Our path for autonomous trucks

SAE standard J3016 defines the classification and the different degrees of automation. It was published by SAE International (formerly: Society of Automotive Engineers) and has defined the industry-wide standard since January, 2014.

All driving maneuvers are carried out by the driver. May involve assistance from warning or assistance systems

The driving automation system (when activated) performs part of the dynamic driving task; either the longitudinal or the lateral movement control of the vehicle. It is switched off immediately at the request of the driver.

The longitudinal movement control of the vehicle includes maintaining the set speed and detecting a preceding vehicle in the lane of the subject vehicle, maintaining a reasonable distance from the vehicle in front, and applying acceleration or braking to keep the vehicle at that speed or distance.

The vehicle's lateral motion control via acceleration and deceleration (in operation), which involves detecting vehicle position relative to lane boundaries and applying steering and/or differential braking to maintain proper lateral positioning.

Only in defined scenarios are drivers supported by driver assistance systems (for example, lane tracking).

The driver constantly monitors the system and, if necessary, takes over the delegated tasks.

Only in suitable scenarios does the system take over part of the dynamic driving task by driving the vehicle in the transverse and longitudinal direction. It is deactivated immediately at the request of the driver.

The driver constantly monitors the system and, if necessary, takes over the delegated tasks.

Only in suitable scenarios does the system take on the entire dynamic driving task. It is deactivated immediately at the request of the driver.

The driver no longer has to constantly monitor the system and can deal with tasks that are not related to driving.

If the system sends a takeover request to the driver, he or she must take it over again in a timely manner.

Only in certain scenarios does the system take on the entire dynamic driving task. It may switch off when a driver takes over.

In these scenarios the vehicle does not send a takeover request to the driver because it can handle the situation completely by itself

The fully automated vehicle can drive autonomously on all mapped roads that can be used by a human driver. The user simply enters a destination and the vehicle navigates by itself to that destination.

The system can handle all scenarios autonomously and handles the entire dynamic driving task. It may switch off if a driver takes over.

Sources can be found here.

Technology

Level 2 vehicles currently use two sensors, but far more will be employed in the next development stage at Level 4. These sensors will also be much more powerful than those currently used. This will result in a completely new volume of data that will place very high demands on the quality of the data processing. The aim is to replicate the driver’s sense of perception by completely scanning traffic and vehicle situations with the help of a wide variety of sensor technologies. Each sensor has its own specific properties that enable it to contribute to the system’s overall performance and boost safety. The basis for this is provided by three different technological approaches: radar, camera and lidar. The safety, precision and long-term availability of these systems will already play a key role at market launch. All safety-related functions will thus be equipped with redundant systems, as is the case with aircraft. If the primary control system should fail, the redundant systems will smoothly go into action and take over its tasks. This means that in addition to the sensors, all of the other systems, such as the steering, braking, communication and power supply systems, will also have redundant counterparts.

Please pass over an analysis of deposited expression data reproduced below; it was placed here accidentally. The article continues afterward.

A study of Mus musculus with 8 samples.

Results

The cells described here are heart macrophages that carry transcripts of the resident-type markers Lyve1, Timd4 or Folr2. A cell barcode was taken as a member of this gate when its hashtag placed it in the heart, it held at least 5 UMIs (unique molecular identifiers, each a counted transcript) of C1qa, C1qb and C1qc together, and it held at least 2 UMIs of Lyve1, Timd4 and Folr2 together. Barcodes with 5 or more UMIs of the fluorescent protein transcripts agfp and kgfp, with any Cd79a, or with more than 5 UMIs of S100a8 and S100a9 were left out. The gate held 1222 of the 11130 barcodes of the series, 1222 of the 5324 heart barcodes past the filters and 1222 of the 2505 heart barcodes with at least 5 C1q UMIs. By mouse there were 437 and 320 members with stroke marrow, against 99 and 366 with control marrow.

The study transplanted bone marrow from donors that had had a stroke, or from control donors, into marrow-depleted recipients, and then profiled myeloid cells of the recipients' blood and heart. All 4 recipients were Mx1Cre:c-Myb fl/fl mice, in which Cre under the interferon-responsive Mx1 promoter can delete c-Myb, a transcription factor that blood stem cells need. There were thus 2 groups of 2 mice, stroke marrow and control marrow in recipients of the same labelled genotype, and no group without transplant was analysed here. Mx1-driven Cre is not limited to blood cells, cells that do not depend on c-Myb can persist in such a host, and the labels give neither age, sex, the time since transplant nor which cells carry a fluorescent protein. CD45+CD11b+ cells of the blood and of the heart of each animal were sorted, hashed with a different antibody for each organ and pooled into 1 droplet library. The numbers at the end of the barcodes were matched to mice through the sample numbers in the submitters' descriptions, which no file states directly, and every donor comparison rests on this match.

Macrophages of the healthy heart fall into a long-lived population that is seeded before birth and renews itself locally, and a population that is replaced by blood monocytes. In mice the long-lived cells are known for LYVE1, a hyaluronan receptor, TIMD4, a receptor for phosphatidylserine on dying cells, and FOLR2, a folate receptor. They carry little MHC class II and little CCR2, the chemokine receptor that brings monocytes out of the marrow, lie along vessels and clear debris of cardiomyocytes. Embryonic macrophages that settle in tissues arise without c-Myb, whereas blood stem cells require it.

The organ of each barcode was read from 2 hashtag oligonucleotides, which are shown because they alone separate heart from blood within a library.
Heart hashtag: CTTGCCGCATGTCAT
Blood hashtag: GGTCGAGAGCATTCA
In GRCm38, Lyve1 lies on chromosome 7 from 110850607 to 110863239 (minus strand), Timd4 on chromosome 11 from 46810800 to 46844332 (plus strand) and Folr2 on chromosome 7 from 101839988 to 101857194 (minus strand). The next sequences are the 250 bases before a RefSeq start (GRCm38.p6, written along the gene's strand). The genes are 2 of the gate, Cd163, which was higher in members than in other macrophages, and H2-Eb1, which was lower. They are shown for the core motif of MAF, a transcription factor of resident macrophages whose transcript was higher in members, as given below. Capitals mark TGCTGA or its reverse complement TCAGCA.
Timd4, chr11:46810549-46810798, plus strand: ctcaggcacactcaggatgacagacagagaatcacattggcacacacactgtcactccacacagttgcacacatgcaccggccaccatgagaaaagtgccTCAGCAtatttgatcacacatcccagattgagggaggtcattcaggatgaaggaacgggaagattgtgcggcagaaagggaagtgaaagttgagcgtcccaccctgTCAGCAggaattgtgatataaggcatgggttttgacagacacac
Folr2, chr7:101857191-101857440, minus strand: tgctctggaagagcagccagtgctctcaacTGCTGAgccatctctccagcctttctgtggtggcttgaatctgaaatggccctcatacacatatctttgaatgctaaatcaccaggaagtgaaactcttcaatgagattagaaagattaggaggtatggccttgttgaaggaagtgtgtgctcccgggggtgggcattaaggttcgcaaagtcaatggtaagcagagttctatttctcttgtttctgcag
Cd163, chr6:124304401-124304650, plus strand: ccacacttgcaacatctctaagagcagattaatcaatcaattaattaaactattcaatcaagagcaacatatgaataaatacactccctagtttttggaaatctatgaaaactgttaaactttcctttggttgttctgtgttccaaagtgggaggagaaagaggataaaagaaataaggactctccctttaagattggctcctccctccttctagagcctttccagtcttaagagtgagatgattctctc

The Autonomous Technology Group

According to Daimler Truck, the next step in the evolution of automated driving in the logistics sector will be highly automated driving as defined by SAE Level 4. The intermediate step at Level 3 would not be worthwhile for logistics customers because the decisive factor for a truck must always be its total cost of ownership. Specifically, the company wants to series-produce Level 4 autonomous trucks by the end of this decade.

In order to achieve this goal more quickly and efficiently, Daimler Truck has pooled all of its automated driving activities and expertise worldwide in the Autonomous Technology Group. Its main tasks are the implementation of the overall automated driving strategy, the research and development of the vehicles and the creation of an appropriate infrastructure for the vehicles’ operational use.

We use cookies

We want to make our website more user-friendly and continuously improve it. If you continue to use the website, you agree to the use of cookies.